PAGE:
The Mountain Laurel
The Journal of Mountain Life

Heart of the Blue Ridge

Those Summers In The Mountains

By Jesse Walter Birdwell © 1989

Issue: January, 1989

Being born in Knoxville and having family ties in east Tennessee has always been a blessing to me. I was brought to Fort Lauderdale, Florida as an infant in the early 1940's. My parents returned to Johnson City, Tennessee where they were born, for many summer visits. Summers of my youth were in the mountains.

I become melancholic when I reflect on those childhood memories. Memories of those summers in the mountains.

It magically seems like just a while ago that I was sitting on my grandmother's wooden porch swing and listening to the songs of crickets and the rhythmic rubbing of the chains on the hooks in the ceiling.

Milk was delivered daily in glass bottles with cream floating inside the top. I remember the jangling noise they made in the aluminum carrier. There was always a cordial exchange between Grandmother and the milkman.

Certain mornings would bring the unusual "clip-clop, clip-clop" of a mule pulling a large wooden buckboard filled with fresh vegetables. An old black gent in bib overalls gently popped long leather reins to keep up the sleepy pace.

Whenever I had a chance to go to town, I would go to the railroad tracks that ran through downtown and hope a steam locomotive would pass through. We would always put pennies on the tracks so the train would flatten them. Flattened pennies were supposed to be lucky.

I always went to the same barber shop. I would always wait for Mr. Primus Dees, the owner. He gave the best flattops in town. I'd climb up on a padded board that he would put on the arms of the huge chrome barber chair. He'd put smelly pink "butch wax" on my hair and cut it perfectly flat. The only part I didn't like was when he'd strop his straight razor and outline my ears and neck. Then a wipe down with a hot towel, a splash of Bay Rum, a pat on the shoulder and my daddy would help me down. I was clean-cut, but I'm sure I smelled like I'd been to the veterinarian.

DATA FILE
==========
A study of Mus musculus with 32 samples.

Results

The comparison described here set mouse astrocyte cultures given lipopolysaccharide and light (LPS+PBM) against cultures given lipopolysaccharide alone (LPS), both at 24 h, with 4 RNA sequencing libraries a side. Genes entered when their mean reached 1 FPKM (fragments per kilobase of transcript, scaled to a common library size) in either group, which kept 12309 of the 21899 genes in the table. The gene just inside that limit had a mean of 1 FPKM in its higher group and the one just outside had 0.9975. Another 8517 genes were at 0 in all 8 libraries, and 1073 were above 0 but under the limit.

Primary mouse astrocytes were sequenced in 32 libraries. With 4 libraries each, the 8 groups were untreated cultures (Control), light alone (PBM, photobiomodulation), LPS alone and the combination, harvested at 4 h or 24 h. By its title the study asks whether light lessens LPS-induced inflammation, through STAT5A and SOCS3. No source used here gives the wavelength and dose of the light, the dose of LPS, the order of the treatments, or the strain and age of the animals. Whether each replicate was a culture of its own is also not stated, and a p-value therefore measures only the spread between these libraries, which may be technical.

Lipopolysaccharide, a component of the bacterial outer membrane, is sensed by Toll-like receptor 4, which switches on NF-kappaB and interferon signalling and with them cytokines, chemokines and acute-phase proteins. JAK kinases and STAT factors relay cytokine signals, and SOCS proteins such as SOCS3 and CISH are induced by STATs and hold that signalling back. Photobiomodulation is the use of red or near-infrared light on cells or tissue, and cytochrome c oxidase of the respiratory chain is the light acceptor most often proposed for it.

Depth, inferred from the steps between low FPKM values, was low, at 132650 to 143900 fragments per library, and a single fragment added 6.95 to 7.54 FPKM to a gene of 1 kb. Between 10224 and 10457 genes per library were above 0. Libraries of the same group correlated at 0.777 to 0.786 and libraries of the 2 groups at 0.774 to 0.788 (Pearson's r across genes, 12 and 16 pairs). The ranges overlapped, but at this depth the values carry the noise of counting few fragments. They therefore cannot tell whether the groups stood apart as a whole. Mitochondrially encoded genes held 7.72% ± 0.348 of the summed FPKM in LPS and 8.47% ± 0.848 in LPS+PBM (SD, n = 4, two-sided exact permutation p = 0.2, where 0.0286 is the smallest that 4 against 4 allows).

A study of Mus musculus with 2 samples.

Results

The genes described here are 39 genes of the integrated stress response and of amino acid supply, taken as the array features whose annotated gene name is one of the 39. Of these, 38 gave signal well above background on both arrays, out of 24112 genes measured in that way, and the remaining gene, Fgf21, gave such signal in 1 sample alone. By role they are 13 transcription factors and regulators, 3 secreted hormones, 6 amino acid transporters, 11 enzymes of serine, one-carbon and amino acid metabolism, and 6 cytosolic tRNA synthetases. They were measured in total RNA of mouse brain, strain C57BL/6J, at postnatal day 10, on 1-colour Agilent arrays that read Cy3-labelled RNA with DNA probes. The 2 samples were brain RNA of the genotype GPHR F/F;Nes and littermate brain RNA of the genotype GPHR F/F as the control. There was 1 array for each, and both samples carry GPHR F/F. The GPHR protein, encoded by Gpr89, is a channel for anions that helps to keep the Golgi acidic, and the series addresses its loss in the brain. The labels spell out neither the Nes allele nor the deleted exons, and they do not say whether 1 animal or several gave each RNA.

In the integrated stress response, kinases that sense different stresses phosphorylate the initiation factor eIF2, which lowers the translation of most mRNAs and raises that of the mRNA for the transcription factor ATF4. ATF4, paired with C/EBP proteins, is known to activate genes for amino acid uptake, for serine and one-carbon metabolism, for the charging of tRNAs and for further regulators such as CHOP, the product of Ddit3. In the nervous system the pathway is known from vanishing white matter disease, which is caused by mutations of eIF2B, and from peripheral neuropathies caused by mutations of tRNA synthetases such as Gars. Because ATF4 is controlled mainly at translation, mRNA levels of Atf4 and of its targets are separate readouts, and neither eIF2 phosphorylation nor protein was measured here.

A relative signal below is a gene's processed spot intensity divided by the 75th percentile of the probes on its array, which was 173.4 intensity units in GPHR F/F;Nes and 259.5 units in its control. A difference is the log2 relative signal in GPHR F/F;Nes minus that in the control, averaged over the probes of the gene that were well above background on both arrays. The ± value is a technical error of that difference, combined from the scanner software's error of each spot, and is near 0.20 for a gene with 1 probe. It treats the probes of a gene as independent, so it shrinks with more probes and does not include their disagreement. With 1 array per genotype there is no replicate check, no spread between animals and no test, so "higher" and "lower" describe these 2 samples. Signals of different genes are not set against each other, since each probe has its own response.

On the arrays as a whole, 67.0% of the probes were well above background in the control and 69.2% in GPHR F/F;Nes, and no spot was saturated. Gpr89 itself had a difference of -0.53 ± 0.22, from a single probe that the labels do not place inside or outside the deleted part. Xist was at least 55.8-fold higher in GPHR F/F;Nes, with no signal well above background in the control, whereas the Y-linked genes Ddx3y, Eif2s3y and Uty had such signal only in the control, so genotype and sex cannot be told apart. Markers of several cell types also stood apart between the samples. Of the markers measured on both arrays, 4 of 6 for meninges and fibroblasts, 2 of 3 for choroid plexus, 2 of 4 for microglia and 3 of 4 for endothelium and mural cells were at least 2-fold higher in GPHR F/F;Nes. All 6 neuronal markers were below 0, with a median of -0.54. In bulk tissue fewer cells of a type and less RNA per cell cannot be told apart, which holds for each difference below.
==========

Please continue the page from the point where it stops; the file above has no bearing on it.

Saturdays were always festive in Johnson City. Hundreds of rural people would come into town to shop. All the kids would go to the movies. Cartoons, News Reports, serials and feature movies like "Friendly Persuasion" and "The Robe" would play.

I'll never forget the blind man on the sidewalk who played a ragged guitar and a harmonica held by a metal brace around his neck. His tin cup jingled as passers by would toss change to him for his tunes. He'd smile and thank everyone. I wish I knew if that was really Doc Watson I gave change to.

This past summer I did something different. My childhood sweetheart and wife of 23 years took a vacation to the mountains. We haven't had a vacation in all these years; and even though it cost me my job. I wanted to share the majesty of the mountains I knew as a child. We stood alone at a bald on Roan Mountain where they say the Cloudland Hotel used to stand and thanked God for letting us be there. It brought back my memories of those summers in the mountains.